There is no end in sight to the bin strike as the city braces itself for the second day of action today.

Rubbish built up across Brighton and Hove yesterday as workers started their week-long walkout.

Scores of workers picketed the Hollingdean depot as talks between the union and city council “got nowhere”.

The news comes as:

  • Nine Green councillors signed an open letter backing the workers on strike.
  • Brighton Pavilion MP Caroline Lucas visited the picket line yesterday and pledged her support.
  • Jason Kitcat pulled out of opening today’s People’s Day event.

The strike officially began yesterday morning at 6am with scores of workers meeting outside their main Hollingdean depot.

Appalled Green MP Caroline Lucas and senior Green figures on the city council visited the workers and union leaders to pledge their support.

As well as handing out chocolate bars they are also reported to have put £250 into the union fund.

Mark Turner, GMB union branch secretary in Hove, said: “Her support means a lot and should send out a clear message to Mr Kitcat that he needs to start listening.

“We don’t want to take this action, we want to get back to work.

“We would urge them to return to the table with a sensible offer.”

Mr Turner added that the union had been in contact with council officers yesterday but no official talks had been held.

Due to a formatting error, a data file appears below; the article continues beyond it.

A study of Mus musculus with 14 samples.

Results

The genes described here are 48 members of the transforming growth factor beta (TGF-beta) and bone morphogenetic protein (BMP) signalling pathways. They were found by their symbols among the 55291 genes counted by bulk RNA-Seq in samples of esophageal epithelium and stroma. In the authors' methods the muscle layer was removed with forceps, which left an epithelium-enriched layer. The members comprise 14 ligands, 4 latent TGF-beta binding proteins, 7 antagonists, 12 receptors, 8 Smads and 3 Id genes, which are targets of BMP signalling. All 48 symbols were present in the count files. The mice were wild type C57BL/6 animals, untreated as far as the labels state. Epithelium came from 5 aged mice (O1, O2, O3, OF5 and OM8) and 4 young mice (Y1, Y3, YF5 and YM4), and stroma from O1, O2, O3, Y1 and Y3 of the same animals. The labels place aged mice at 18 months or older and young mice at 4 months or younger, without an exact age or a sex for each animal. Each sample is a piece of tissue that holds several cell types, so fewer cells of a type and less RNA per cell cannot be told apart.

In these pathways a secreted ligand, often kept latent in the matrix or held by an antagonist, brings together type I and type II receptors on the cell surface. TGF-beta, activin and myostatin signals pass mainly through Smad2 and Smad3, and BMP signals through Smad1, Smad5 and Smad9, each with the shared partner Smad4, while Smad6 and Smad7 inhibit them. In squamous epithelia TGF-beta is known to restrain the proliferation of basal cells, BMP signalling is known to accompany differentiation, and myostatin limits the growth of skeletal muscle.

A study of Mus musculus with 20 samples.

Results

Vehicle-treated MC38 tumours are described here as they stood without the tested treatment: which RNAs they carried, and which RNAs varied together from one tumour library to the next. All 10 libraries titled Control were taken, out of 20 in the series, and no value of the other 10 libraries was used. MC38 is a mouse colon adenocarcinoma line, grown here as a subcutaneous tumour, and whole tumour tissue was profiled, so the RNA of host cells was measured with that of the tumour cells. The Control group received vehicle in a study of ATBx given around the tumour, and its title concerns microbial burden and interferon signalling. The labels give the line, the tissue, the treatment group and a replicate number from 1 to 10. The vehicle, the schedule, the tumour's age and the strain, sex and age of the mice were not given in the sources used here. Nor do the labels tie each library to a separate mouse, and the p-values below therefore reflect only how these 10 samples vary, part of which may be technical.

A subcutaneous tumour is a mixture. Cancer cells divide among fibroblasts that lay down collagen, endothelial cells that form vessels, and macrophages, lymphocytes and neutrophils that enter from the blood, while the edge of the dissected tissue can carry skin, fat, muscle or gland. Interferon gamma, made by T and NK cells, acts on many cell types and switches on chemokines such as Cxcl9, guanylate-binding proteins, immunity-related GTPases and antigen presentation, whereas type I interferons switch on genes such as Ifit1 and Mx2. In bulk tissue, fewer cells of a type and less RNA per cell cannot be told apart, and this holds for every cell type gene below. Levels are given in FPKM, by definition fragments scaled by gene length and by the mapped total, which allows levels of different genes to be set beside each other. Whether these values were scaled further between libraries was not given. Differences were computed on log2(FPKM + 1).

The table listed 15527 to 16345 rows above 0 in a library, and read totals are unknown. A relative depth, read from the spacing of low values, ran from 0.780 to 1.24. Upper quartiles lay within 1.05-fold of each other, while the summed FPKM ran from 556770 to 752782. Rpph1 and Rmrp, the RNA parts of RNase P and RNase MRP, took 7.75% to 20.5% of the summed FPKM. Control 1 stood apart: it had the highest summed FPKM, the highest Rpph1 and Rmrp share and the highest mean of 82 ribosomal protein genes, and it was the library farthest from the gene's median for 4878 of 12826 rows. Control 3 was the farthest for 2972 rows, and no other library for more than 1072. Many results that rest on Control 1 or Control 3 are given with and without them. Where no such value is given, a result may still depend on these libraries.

A meeting has been arranged for Monday.

Meanwhile, across the city, rubbish continued to pile up, with residents reporting the worst hit areas as Old Shore ham Road in Portslade, Queen’s Park and the streets surrounding the Seven Dials Roundabout.

Today will see GMB union members march from their Hollingdean depot to the council’s King’s House on the seafront.

GMB general secretary Paul Kenny will head the event.

The strike action has split the ruling Green Party over recent months.

The issue resulted in nine Green councillors, along with 11 party members – including deputy leader Phelim MacCafferty – signing an open letter in support of the Cityclean workers.

It read: “We feel we have no option other than to write this letter.

“We are appalled that the sit uation has escalated to the point where council employees are forced to take strike action in order to be heard.

“We are concerned that as activists from a party which has spent years arguing for workers’ rights that on this occasion the argument is wrong.

“We continue to oppose the imposition of pay cuts as per the decision of our Emergency General Meeting in May.

Further, we will show solidarity with the workers affected by this decision.

“We are Green Party members because we believe in its core value of social justice.

“Imposing a reduction to the take-home pay of some of our lowest-paid workers runs completely contrary to this.”

Cityclean employees welcomed the statement of support as they picketed their Hollingdean depot yesterday.

Speaking to The Argus yesterday, Mr Kitcat played down any divide in his party over the issue.

Addressing his fellow Green Party members’ open letter, he said he was in agreement with them.

“They are just a group of people interested in workers’ rights and clearly want to reach an agreement.”

When asked why he didn’t sign the letter, he added that it would be “inappropriate” given his position.

The council leader also denied that he was stepping down from opening the People’s Day event due to the dispute.

He insisted that it was instead due to issues of bias over the upcoming by-election.